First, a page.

Publicis Groupe SA (EPA:PUB) (OTCMKTS:PUBGY) and Omnicom Group Inc. (NYSE:OMC) announced their failure to reach an agreement and decided to terminate their proposed merger of equals agreement.
According to a joint statement from the advertising giants, the decision was unanimously approved by the management and supervisory board of Publicis and the board of directors of Omnicom.
Publicis Groupe- Omnicom merger: Challenges created uncertainty
The advertising firms explained that they mutually agreed to abandon the planned merger and released each other from all obligations because of difficulties in completing the transaction within a reasonable time frame. No termination fee will be paid by either party.
“The challenges that still remained to be overcome, in addition to the slow pace of progress, created a level of uncertainty detrimental to the interests of both groups and their employees, clients and shareholders,” said Maurice Lévy, chairman and CEO of Publicis Groupe SA (EPA:PUB) (OTCMKTS:PUBGY) and John Wren, president and CEO of Omnicom Group Inc. (NYSE:OMC)in their joint statement.
The chief executives added, “We have thus jointly decided to proceed along our independent paths. We, of course, remain competitors, but maintain a great respect for one another.”
Conflicting cultures, complex deal structure
Some experts in the advertising industry opined that the proposed merger of equals between Publicis Groupe SA (EPA:PUB) and Omnicom Group Inc. (NYSE:OMC) was impossible to complete since the first day because of several factors including conflicting personalities and cultures, as well as a very complex deal structure that caused the delays.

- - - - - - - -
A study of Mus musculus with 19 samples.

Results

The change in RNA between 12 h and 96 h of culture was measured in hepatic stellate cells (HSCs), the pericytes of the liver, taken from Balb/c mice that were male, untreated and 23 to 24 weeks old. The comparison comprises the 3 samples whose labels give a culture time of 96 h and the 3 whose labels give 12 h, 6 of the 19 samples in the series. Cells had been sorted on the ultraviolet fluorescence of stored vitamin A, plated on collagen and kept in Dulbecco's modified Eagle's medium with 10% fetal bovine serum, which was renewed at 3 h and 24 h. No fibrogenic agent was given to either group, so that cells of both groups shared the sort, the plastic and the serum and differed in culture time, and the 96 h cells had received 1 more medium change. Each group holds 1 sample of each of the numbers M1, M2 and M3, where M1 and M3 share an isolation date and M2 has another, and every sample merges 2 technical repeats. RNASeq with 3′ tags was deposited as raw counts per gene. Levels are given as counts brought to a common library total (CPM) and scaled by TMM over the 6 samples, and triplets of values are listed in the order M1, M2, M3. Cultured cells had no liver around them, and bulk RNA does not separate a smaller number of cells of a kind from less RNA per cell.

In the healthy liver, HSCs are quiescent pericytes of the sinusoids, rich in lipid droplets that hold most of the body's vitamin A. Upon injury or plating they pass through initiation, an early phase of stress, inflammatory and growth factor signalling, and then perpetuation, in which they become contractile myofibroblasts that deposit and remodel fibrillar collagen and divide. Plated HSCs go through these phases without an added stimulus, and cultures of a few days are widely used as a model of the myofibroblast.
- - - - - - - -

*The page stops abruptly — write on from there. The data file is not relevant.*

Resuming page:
Wren said yesterday, “We thought we would be through this in six months, and nine months later we still have a lot of complex time-consuming issues that, because of different corporate cultures, we haven’t been able to resolve.”
Publicis Groupe SA (EPA:PUB) (OTCMKTS:PUBGY) and Omnicom Group Inc. (NYSE:OMC) announced their planned merger in July last year. The transaction whould have created the world’s largest advertising company worth $35 billion, with the ability to strongly compete with Google Inc (NASDAQ:GOOG) (NASDAQ:GOOGL) who has dominated the industry over the past several years as advertisers and marketers shifted their focus to digital media.
Last January, the European Commission approved the proposed merger of the advertising giants without conditions. The deal also received clearances from other governments including Australia, Brazil, Canada, Colombia, India, Japan, Mexico, Russia, South Africa, South Korea, Turkey, Ukraine as well as the expiration of the Hart-Scott-Rodino Antitrust Improvements Act (HSR) review period in the United-States.